Story: Recession alters parents' plans for kids' college by Lisa Black
This article demonstrates how the financial downturn is affecting families thinking about sending their children to college, and does a good job taking a much larger trend-- a bad economy-- and showing how it affects parents and their kids.
It also shows how the entire college selection process is being altered, drawing a link between the increase in the number of schools students are applying to and the downturn: students are diversifying to make sure they get into a school they can afford, and there has been an increase in applications to public universities.
There is a good mix of students, parents and experts in the story. The situations of the families personalize the story and take it beyond a mere description of the statistics of how the application process is changing.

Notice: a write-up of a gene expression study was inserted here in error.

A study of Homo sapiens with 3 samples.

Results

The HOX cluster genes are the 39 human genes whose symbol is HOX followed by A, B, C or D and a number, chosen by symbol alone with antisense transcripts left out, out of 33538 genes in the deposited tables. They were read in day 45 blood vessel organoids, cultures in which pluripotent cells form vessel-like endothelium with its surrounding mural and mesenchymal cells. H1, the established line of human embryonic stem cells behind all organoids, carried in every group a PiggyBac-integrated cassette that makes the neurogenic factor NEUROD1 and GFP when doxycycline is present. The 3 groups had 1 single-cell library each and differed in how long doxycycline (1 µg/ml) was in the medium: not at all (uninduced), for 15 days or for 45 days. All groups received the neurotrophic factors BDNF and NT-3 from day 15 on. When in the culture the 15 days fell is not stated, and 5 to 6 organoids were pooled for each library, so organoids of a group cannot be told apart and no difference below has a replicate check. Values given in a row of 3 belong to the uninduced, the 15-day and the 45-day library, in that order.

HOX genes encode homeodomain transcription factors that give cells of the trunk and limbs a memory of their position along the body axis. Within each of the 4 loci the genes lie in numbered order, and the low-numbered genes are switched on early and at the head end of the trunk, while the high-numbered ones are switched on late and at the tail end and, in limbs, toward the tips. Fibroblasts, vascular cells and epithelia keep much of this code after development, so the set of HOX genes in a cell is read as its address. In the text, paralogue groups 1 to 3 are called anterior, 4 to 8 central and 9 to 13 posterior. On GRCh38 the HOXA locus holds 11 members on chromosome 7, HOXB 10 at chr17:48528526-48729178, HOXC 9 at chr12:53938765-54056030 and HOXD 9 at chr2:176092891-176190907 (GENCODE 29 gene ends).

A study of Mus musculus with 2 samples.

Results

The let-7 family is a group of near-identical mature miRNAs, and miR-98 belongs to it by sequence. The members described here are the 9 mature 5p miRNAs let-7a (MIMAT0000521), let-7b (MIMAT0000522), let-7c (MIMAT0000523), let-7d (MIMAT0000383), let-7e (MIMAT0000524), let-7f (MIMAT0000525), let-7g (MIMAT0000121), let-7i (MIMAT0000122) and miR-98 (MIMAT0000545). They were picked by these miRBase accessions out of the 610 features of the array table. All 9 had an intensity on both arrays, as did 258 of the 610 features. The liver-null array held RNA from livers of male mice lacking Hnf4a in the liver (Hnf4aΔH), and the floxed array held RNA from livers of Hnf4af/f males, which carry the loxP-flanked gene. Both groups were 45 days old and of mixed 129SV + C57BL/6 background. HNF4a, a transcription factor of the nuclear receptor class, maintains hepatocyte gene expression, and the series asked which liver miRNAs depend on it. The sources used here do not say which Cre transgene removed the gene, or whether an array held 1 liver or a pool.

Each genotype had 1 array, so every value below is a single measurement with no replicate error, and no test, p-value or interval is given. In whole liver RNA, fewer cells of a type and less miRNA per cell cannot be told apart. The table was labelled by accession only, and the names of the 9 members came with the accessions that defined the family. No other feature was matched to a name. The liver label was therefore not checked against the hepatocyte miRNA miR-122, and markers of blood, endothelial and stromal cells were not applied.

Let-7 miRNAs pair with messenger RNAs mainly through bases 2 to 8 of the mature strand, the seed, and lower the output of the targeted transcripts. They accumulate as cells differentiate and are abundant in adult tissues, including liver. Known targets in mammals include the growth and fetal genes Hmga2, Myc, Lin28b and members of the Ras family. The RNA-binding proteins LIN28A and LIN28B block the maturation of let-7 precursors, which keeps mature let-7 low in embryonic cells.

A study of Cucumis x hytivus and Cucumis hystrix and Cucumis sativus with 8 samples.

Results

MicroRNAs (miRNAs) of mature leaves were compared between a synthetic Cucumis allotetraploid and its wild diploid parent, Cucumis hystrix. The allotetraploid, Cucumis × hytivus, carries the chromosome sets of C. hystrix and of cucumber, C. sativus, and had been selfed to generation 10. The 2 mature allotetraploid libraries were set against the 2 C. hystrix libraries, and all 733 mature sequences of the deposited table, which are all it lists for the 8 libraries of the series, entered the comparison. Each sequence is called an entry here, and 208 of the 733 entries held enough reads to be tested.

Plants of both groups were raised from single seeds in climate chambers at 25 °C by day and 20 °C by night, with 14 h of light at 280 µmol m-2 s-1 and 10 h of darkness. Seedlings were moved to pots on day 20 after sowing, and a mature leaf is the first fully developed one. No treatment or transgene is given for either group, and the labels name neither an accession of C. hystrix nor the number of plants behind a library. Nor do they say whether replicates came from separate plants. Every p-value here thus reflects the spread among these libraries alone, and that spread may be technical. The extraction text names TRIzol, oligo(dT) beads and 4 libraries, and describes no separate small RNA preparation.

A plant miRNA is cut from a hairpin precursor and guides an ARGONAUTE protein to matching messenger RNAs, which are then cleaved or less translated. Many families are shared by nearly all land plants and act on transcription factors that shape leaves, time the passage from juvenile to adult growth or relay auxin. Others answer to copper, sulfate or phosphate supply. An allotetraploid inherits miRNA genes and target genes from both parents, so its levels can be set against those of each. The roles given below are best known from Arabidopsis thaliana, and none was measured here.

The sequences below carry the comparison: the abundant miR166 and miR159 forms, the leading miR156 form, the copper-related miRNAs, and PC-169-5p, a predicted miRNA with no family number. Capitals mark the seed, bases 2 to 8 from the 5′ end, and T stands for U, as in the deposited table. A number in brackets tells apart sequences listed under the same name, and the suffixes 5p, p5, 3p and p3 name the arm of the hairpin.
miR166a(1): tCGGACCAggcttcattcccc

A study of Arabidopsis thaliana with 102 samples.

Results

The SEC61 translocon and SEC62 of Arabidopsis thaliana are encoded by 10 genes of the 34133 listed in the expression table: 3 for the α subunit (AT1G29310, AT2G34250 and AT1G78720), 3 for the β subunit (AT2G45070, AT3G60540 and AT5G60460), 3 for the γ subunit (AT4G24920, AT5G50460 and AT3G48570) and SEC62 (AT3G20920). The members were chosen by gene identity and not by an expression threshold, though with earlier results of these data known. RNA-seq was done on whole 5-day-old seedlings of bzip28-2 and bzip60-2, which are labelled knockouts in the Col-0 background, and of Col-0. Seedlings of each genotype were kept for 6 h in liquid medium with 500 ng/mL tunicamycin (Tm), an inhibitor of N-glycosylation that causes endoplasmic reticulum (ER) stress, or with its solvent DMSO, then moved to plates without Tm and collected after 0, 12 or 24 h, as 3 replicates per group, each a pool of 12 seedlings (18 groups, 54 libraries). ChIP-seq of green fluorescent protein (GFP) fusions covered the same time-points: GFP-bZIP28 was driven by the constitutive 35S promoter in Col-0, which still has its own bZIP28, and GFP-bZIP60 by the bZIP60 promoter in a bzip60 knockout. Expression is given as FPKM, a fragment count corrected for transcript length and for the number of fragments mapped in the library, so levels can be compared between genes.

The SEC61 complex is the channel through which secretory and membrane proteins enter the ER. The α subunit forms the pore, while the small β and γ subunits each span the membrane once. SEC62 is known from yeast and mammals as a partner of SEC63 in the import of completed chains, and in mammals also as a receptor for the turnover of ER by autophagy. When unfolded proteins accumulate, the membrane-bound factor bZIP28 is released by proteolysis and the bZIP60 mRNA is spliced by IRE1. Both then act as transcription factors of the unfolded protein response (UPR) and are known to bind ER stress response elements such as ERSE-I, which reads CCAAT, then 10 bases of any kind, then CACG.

The idea behind the story is a fairly obvious one. Education is expensive, and it makes sense, for many students, to scale back and knock out gen eds at a community college rather than attending a more expensive school. But the story goes beyond the figures and practicality and captures the disappointment of kids who wanted to go elsewhere, and parents who wanted to be able to send them there. The tough situation of a family where the mother is ill and medical bills prevent them from spending more on their son's education, or where the parents had dreams for their children to do more than they did, show the very real impact of the downturn.